Obama administration: ‘Give up privacy or give up funding,’ NC families, students sueADF challenges lawless federal actions that could force women, girls to share locker rooms with men nationwide
Wednesday, May 11, 2016
Attorney sound bite: Kellie Fiedorek
The DOJ disregarded student privacy and safety when it issued letters threatening the suspension of federal funding for North Carolina’s schools and university system, as well as federal financial aid for North Carolina’s university students, unless the state government repudiated the law known as House Bill 2. That law ensures that government facilities and public schools protect personal privacy by maintaining sex-specific restrooms, locker rooms, and showers. The DOJ then filed suit against the state on Monday, the same day that the governor and the General Assembly each sued the agency over its illegitimate demands.
“The administration shouldn’t condition the ability of women to receive an education on their willingness to shower with members of the opposite sex,” said ADF Senior Counsel Jeremy Tedesco. “On behalf of North Carolina students and families—and by extension all students and families across the nation affected by the DOJ’s and DOE’s overreach—we have filed suit to stop both agencies from bullying schools and universities. The agencies must stop using falsehoods about what federal law requires to threaten student access to educational opportunities and financial assistance.”
The DOJ’s and DOE’s actions jeopardize approximately $1.4 billion dollars in federal funding for North Carolina’s universities, approximately $800 million dollars in federal financial aid to North Carolina’s students, and federal funding provided to all elementary, middle, and high schools throughout the state. As the ADF lawsuit points out, however, the agencies have no authority to do this.
The DOJ bases its threat and its lawsuit on its inaccurate interpretation of Title IX, a 1972 federal law that, contrary to the agency’s opinion, specifically states that a school receiving federal funds can “provide separate toilet, locker room, and shower facilities on the basis of sex” without putting that funding at risk. The ADF lawsuit explains that the DOJ and DOE are both unlawfully redefining the terms of Title IX, something that only Congress can alter, and are illegitimately forcing their political will on all public bodies across the nation. No federal law requires schools to allow boys into girls’ restrooms or girls into boys’ restrooms, and five courts have rejected the agencies’ interpretation of Title IX.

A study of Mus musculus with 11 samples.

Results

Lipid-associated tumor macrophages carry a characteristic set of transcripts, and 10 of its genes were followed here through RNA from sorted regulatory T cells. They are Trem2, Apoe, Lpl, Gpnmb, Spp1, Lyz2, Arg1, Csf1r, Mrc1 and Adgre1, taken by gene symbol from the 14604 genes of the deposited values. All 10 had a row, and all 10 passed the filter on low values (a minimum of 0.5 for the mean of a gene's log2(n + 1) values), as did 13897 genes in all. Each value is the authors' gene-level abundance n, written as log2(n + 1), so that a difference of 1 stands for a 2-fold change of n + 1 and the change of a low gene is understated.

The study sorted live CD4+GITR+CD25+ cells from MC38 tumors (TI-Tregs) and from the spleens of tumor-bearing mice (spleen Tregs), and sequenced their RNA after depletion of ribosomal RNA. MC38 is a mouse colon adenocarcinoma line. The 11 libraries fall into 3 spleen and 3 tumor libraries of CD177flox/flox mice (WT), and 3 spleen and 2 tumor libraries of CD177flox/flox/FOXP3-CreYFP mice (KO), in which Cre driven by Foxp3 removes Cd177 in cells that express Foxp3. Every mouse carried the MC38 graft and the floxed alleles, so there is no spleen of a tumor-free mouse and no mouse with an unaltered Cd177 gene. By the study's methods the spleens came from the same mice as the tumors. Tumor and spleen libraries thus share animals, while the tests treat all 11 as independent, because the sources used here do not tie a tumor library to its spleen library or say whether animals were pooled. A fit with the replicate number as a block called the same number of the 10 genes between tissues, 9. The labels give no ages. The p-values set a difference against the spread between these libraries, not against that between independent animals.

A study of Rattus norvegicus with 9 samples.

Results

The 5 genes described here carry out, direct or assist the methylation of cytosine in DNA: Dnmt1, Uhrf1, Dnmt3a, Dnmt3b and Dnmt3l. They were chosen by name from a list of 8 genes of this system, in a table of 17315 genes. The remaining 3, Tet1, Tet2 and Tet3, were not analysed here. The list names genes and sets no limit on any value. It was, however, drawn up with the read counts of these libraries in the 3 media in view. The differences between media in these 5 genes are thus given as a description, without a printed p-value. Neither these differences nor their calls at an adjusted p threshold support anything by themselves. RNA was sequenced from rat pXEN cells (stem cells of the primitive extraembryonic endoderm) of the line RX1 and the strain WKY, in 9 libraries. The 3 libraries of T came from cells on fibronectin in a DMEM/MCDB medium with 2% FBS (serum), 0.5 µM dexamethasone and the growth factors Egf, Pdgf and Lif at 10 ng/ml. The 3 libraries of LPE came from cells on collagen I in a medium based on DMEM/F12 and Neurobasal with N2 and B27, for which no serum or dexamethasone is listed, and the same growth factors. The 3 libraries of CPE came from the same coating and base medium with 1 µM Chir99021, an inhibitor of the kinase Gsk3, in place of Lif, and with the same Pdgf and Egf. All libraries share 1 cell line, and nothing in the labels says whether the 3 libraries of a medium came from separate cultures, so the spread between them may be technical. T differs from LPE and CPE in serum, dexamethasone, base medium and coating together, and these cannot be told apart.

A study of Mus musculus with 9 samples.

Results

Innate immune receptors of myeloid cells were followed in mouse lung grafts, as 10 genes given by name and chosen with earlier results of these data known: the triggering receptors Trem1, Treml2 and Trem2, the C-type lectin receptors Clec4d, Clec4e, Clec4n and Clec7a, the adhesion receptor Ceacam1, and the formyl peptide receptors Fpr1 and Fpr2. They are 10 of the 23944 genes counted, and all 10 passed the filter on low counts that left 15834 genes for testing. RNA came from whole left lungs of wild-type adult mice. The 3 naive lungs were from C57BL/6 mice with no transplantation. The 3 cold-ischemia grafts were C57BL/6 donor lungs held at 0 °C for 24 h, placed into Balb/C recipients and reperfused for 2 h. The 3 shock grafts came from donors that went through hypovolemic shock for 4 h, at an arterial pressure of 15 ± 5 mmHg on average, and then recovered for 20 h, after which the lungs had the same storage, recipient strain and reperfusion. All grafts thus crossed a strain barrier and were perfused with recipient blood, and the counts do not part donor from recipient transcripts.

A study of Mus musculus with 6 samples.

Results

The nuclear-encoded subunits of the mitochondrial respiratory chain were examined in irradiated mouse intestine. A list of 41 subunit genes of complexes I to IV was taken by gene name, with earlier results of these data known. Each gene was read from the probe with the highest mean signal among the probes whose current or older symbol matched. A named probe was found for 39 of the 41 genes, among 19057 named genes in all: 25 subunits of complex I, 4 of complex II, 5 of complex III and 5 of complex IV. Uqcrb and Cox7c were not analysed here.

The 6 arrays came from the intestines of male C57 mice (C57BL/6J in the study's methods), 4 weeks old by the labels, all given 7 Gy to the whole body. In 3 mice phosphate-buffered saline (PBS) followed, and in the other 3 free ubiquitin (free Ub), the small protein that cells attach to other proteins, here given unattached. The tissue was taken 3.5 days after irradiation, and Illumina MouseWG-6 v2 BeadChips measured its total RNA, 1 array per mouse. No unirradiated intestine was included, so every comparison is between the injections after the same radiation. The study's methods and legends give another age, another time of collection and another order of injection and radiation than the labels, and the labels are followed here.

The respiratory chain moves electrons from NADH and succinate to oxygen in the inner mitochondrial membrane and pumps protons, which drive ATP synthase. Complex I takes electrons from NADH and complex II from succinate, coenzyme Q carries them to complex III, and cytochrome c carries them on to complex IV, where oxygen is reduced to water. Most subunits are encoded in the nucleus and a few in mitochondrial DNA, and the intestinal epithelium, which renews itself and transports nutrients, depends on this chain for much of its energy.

“No government agency can unilaterally redefine the meaning of a federal law to serve its own political ends,” explained ADF Legal Counsel Kellie Fiedorek. “The departments of Justice and Education are exceeding what they are legally allowed to do. It’s ironic that laws from the 1960s and 70s that were enacted to combat sexual harassment and discrimination by men against women are now being used against women, specifically by letting men use women’s showers and locker rooms against their will.”
The lawsuit, North Carolinians for Privacy v. United States Department of Justice, asks the U.S. District Court for the Eastern District of North Carolina, Western Division, to declare that the DOJ and DOE exceeded their authority by redefining “sex” in Title IX, and that federal law does not forbid sex-specific restrooms and locker rooms. Liberty, Life, and Law Foundation attorney Deborah Dewart, one of more than 3,000 private attorneys allied with ADF, is serving as local counsel in the case.
Fiedorek is available for media interviews in Raleigh, and ADF Legal Communications Director Kerri Kupec is available for media interviews in Washington, D.C. Tedesco and other ADF attorneys are also available.
- Pronunciation guide: Tedesco (Tuh-DESS’-koh), Fiedorek (Fuh-DOHR’-eck), Kupec (CUE’-peck)
Alliance Defending Freedom is an alliance-building, non-profit legal organization that advocates for the right of people to freely live out their faith.